In February 2022, sales of existing homes fell to a seasonally adjusted annual rate (SAAR) of 6.02 million, per data from the National Association of Realtors (NAR) released on March 18, 2022. This was a decrease of 7.2% from January, and sales fell in all four U.S. regions. The inventory of unsold existing homes rose by 10,000 (1.2%) to 870,000, equal to 1.7 months of sales at the pace set in February. The median sales price for existing homes was up by 15.0% on a year-over-year (YOY) basis to $357,300.
The downbeat report on existing-home sales follows two mixed readings on the U.S. housing market released earlier this week. In February, housing starts were up sharply. However, in early March, home builders reported a deteriorating outlook for starts in the upcoming months, with rapidly rising costs of building materials being a significant factor.
- Existing-home sales fell by 7.2% from January to February 2022 on a seasonally adjusted annual basis.
- Sales also were down by 2.4% compared to February 2021.
- The time that homes stay on the market before being bought continues to decline.
- The median price of existing homes is up by 15.0% compared to February 2021.
- The south was the one region with YOY sales growth, and by far the biggest YOY surge in prices, driven by the strongest job growth.
Home Sales Also Down YOY
Existing-home sales represent completed transactions that include single-family homes, townhomes, condominiums, and co-ops. As noted above, this figure fell by 7.2% from January to February 2022, reaching a seasonally adjusted annual rate of 6.02 million in February. On a YOY basis, sales fell by 2.4% from 6.17 million in February 2021.
Lawrence Yun, the NAR's chief economist, commented: "Housing affordability continues to be a major challenge, as buyers are getting a double whammy: rising mortgage rates and sustained price increases. Some who had previously qualified at a 3% mortgage rate are no longer able to buy at the 4% rate. Monthly payments have risen by 28% from one year ago—which interestingly is not a part of the consumer price index—and the market remains swift with multiple offers still being recorded on most properties."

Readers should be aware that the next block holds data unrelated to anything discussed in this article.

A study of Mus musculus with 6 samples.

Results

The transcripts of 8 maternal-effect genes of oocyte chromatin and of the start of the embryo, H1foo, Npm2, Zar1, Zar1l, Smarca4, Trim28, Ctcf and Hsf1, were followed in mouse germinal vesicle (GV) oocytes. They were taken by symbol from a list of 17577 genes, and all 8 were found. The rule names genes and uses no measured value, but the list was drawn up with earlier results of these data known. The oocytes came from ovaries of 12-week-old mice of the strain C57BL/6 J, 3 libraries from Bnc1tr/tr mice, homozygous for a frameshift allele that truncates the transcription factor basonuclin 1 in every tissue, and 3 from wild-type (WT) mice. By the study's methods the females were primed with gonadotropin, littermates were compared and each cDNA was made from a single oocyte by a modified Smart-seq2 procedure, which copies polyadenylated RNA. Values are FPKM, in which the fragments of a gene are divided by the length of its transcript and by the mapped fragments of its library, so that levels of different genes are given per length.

Impact of First-Time and Second-Home Buyers
First-time buyers were responsible for 29% of sales in February, up from 27% in January and down from 31% in February 2021. In recent years, the annual share of first-time buyers has been 34%.
Individual investors and second-home buyers account for many cash sales. They purchased 19% of homes in February, down from 22% in January but up from 17% in February 2021. All-cash sales were 25% of transactions in February, down from 27% in January but up from 22% in February 2021.
Distressed sales, which include foreclosure sales and short sales (short sales involve properties whose value is below the amount due on the mortgage), were 1% of total sales. This was unchanged from both January 2022 and February 2021.
Houses Are Moving Even Faster
The amount of time that properties typically remained on the market was 18 days in February, down from 19 days in January and 20 days in February 2021. About 84% of the homes sold in February 2022 were on the market for less than a month, versus 79% in January.
Home Prices Continue Rapid Rise
Regarding the 15.0% YOY surge in median home prices, increases were observed in all four major regions. Also, prices now have increased on a YOY basis for 120 consecutive months, an all-time record.
Lawrence Yun observed that rising interest rates and escalating prices have prevented many consumers from making a purchase. Yun stated: "The sharp jump in mortgage rates and increasing inflation is taking a heavy toll on consumers' savings. However, I expect the pace of price appreciation to slow as demand cools and as supply improves somewhat due to more home construction."
Inventories Up Slightly From All-Time Low
Total housing inventory at the end of February 2022 equaled 870,000 units, up by 2.4% from an all-time low of 360,000 in January and down by 15.5% from 1.03 million in February 2021. Unsold inventory now represents 1.7 months of sales at the current pace, up from 1.6 months in January but down from 2.0 months in February 2021.
Compared to January, each of the four major U.S. regions experienced a month-to-month drop in sales in February. The northeast was down by 11.5%, the midwest by 11.3%, the south by 5.1%, and the west by 4.7%.
On a YOY basis, three regions reported declines: the northeast by 12.7%, the midwest by 1.5%, and the west by 8.3%. The south saw an increase of 3.0%.
Median prices surged in all four regions YOY: by 7.1% in the northeast, by 7.5% in the midwest, by 18.1% in the south, and by 7.1% in the west. The median prices in these regions are now, respectively, $383,700, $248,900, $318,800, and $512,600.
Yun observed: "Employment is vital for housing demand. The Southern states are seeing faster job growth, and consequently, it's the only region to experience a sales gain from a year ago."